The Kansas Department of Health and Environment (KDHE), Office of the State Fire Marshal and Safe Kids Kansas would like to share some important safety tips to ensure that all Kansans have a safe and fun Independence Day this year.
In 2022, there were a total of 102 injuries caused by fireworks in Kansas. The person igniting the firework was most likely to be injured, and the hands were the most common body part to be injured. Over half of the injuries that occurred from fireworks that happened on July Fourth were from burns. There was a 43 percent decrease in reported injuries from 2021.
Each age group saw a decrease except for a slight increase in 0-3 year-olds. The highest incidents of injuries were caused by mortars or artillery fireworks and other fireworks like parachutes, fountains and spinning items. This data was collected through voluntary reporting from Kansas hospitals and administered by the Office of the State Fire Marshal.
“Remember that fireworks are explosives and should be handled with care,” Cherie Sage, director of Safe Kids Kansas, said. “Children should not light fireworks, including sparklers, which burn at a temperature hot enough to melt glass. We encourage parents to let their little ones use glow sticks instead of sparklers and leave the rest to grownups.”
Grilling is another favorite part of many summertime gatherings. Make sure grills are used outdoors only, away from the home and deck railings, and out from under eaves and overhanging branches. Keep children and pets away from the grill area and never leave your grill unattended. Clean your grill regularly to prevent grease fires.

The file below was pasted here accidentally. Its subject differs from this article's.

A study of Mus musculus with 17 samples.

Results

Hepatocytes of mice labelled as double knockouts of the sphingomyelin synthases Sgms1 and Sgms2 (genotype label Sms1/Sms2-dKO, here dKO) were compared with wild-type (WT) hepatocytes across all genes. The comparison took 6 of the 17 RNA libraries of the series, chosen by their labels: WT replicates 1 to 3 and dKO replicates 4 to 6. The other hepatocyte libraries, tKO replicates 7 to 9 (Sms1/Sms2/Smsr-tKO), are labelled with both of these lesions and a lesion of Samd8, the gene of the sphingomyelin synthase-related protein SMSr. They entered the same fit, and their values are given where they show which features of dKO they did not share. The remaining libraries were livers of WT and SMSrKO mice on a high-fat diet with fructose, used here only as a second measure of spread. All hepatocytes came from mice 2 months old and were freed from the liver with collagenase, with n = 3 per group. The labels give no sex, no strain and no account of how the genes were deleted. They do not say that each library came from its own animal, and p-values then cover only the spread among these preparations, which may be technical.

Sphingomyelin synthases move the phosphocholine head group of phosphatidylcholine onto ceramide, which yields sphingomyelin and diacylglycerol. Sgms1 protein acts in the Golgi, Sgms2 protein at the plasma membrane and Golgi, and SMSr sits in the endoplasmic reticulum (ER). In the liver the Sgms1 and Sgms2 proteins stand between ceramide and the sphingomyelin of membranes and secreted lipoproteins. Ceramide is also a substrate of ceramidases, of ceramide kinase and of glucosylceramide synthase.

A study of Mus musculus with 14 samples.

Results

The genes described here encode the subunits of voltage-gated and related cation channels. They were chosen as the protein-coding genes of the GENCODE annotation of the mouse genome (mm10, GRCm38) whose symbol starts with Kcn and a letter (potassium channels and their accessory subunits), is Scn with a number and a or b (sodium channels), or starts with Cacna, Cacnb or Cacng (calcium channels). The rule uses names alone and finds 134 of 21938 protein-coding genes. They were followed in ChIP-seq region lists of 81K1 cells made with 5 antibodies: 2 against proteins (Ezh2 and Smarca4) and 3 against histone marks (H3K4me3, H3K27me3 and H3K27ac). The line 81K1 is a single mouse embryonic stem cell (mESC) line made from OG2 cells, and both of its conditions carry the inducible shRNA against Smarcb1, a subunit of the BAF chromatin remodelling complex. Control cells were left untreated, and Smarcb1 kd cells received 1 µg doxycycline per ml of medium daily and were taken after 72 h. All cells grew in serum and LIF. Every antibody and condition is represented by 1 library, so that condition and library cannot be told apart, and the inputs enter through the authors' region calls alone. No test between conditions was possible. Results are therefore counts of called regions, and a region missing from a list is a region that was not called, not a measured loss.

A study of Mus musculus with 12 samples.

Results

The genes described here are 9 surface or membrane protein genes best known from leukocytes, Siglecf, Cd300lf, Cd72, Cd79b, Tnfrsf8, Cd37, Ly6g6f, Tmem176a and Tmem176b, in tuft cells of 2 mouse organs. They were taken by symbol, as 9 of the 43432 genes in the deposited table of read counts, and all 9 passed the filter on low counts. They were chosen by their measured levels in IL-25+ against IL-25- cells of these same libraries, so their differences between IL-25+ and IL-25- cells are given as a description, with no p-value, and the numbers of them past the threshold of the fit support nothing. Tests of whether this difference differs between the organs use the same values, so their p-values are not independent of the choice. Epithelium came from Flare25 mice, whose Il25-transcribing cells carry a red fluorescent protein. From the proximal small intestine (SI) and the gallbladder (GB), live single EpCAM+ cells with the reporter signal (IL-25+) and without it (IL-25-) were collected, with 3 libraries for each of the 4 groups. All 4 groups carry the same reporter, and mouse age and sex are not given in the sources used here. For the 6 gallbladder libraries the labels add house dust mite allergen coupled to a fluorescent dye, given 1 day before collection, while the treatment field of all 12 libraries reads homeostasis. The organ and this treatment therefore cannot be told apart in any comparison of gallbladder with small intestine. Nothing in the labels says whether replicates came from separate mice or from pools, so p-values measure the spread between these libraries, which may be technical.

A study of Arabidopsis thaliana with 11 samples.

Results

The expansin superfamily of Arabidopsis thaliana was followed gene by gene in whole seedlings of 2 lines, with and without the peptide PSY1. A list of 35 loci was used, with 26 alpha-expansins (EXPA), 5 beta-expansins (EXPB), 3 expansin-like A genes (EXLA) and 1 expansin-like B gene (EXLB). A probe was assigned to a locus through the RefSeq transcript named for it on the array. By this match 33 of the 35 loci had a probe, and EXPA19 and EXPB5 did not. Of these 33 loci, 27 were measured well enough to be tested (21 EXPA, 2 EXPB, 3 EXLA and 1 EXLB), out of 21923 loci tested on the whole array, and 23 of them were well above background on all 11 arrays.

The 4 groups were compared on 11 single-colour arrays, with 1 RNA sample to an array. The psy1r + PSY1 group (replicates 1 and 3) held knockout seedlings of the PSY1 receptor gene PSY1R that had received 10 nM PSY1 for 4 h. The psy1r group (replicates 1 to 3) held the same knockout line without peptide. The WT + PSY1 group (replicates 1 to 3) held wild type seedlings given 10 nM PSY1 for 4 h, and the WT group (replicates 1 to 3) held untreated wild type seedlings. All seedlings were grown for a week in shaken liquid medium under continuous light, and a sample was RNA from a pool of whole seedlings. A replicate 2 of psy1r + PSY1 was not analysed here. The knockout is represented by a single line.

“We want everyone to have a fun and safe celebration on Independence Day,” Doug Jorgensen, state fire marshal, said. “Taking a few simple precautions if you’re lighting off fireworks or grilling can ensure that your family and friends are safe and injury free this fourth of July. If possible, go to a public fireworks display, and let the trained professionals handle the risks.”
Here are some tips to keep your celebrations safe:
- Have adults supervise children and pets around grills and fireworks.
- Designate a child-free safety zone around grills and areas where fireworks are being lit.
- Store fireworks in a cool, dry place.
- Fireworks should only be handled by adults. Consider giving children glow sticks, which also help you see little ones after dark.
- Have a water supply ready, such as a bucket of water or garden hose.
- Dispose of used fireworks carefully, as they may reignite.
- Keep a first-aid kit available and nearby.
- Ignite fireworks outdoors on a flat surface.
- Light only one firework at a time.
- Never stand over fireworks when lighting or holding a firework in your hand when lighting the fuse and wear eye protection.
- Never try to re-light or pick up fireworks that have not ignited fully.
- Never attempt to make your own fireworks.
Bottle rockets are illegal and M80 type of “fireworks” are considered explosives, and it is a felony in Kansas to possess, manufacture or use, as well as being extremely dangerous. The use or sale of these banned fireworks and explosives is considered a crime under Kansas law. It is also illegal in Kansas to shoot fireworks on or under any vehicle, on any public roadway, within 50 feet of a fireworks stand or where fireworks are stored, and at gas stations or any place liquid gas – including propane – is stored.
Always refer to the local ordinances as to whether fireworks are allowed in your area as well as what types. Some cities or counties have restricted dates/times or types of fireworks that may be sold or discharged.
In addition, out of respect for veterans when it comes to the individual discharge of fireworks, please keep in mind the noise and stress (PTSD) your activities may cause near VA facilities.
For more information on fireworks safety, visit firemarshal.ks.gov/216/ or SafeKidsKansas.org.